There was a segment on TV Canarias this morning about the storm, which saddened me on a different level, and that was information that Sunday/Monday’s storm destroyed 60% of the Botanical Gardens in Puerto del la Cruz. Let’s hope that’s one of those statistics which will change for the better as damage is assessed.
There are much worse stories, people have lost homes, thousands of euros-worth of crops have been ruined or are in danger of ruin, and although there was no loss of life, people narrowly escaped death, as hillsides collapsed and cranes fell, crushing cars and walls, but, thankfully not taking life. The economic impact is considerable, at a time when the world economy still struggles, and it wouldn’t be surprising if the stories are downplayed in the press, because the last thing this island needs is to lose tourists who are afraid to come on account of the weather. As several sources have repeated, the last time a storm hit us so badly was five years ago, and the damage, honestly, if all reports are accurate, in tourist zones in the south (the main money-spinning areas) wasn’t nearly as bad as in the north.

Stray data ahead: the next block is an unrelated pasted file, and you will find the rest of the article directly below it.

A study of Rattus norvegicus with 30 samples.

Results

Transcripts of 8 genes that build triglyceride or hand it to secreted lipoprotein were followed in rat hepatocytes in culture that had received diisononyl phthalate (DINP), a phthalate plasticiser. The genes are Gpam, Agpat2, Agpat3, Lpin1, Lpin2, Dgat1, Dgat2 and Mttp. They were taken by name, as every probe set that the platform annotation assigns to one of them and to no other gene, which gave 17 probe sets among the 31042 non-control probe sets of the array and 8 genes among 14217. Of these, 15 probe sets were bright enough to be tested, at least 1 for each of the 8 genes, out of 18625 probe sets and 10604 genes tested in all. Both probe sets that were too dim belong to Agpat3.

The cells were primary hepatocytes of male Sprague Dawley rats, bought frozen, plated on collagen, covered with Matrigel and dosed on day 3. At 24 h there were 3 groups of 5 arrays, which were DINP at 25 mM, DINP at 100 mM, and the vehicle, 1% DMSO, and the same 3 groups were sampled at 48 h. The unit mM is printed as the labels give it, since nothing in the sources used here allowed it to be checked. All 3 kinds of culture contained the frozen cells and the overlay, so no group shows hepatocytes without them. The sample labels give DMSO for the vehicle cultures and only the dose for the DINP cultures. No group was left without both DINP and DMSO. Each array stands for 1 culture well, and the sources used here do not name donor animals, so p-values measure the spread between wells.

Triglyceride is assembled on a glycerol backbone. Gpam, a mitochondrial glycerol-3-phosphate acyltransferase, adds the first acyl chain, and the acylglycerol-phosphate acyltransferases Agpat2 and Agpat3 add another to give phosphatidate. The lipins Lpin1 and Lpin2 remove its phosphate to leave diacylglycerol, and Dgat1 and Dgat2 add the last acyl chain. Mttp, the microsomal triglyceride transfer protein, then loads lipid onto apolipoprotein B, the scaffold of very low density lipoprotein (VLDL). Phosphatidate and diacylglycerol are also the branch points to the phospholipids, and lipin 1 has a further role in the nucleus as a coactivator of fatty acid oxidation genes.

So, it isn’t going to surprise me at all if this story gets buried under a) stories with more “human interest” and b) a desire to not put off potential visitors.
Jardin Botanico was created as far back as 1788, when the New World was still exotic and novel, and there was a desire to study and exhibit its wonders. The intent was to cultivate tropical plants in this slightly cooler climate, and once acclimatized to transplant them to royal gardens on the mainland, hence the full name of the Gardens, which is Jardín de Aclimatación de la Orotava (Puerto de la Cruz being a part of that zone at the time).
Today, it provides a soothing place to chill out, wandering the overhung pathways, sun filtering through the branches. On my first visit in 1987, I told my kids stories of how we’d somehow drunk Alice’s magic potion and been reduced in size. What we were seeing were plants with which I was totally familiar – as houseplants in pots! Suddenly, they were towering over me!
These pictures, taken a couple of summers ago, there will give you an idea of how beautiful the gardens were, and how impressive the displays, so right now I am just hoping that they haven’t become just a part of history, and that restoration will be possible.
Many of the trees are over 100 years old, and some 200, or at least they were. Hopefully, there will be more precise news, and hopefully it may not be as bad as it seems right now. I know worse things have happened from a point of view of impacting human life, but the thought that it would take another 100 years to grow one of these trees is awesome, isn’t it. Maybe a reminder from Mother Nature, that what she creates, no matter how we puny humans think we may have helped the process, she can also take away.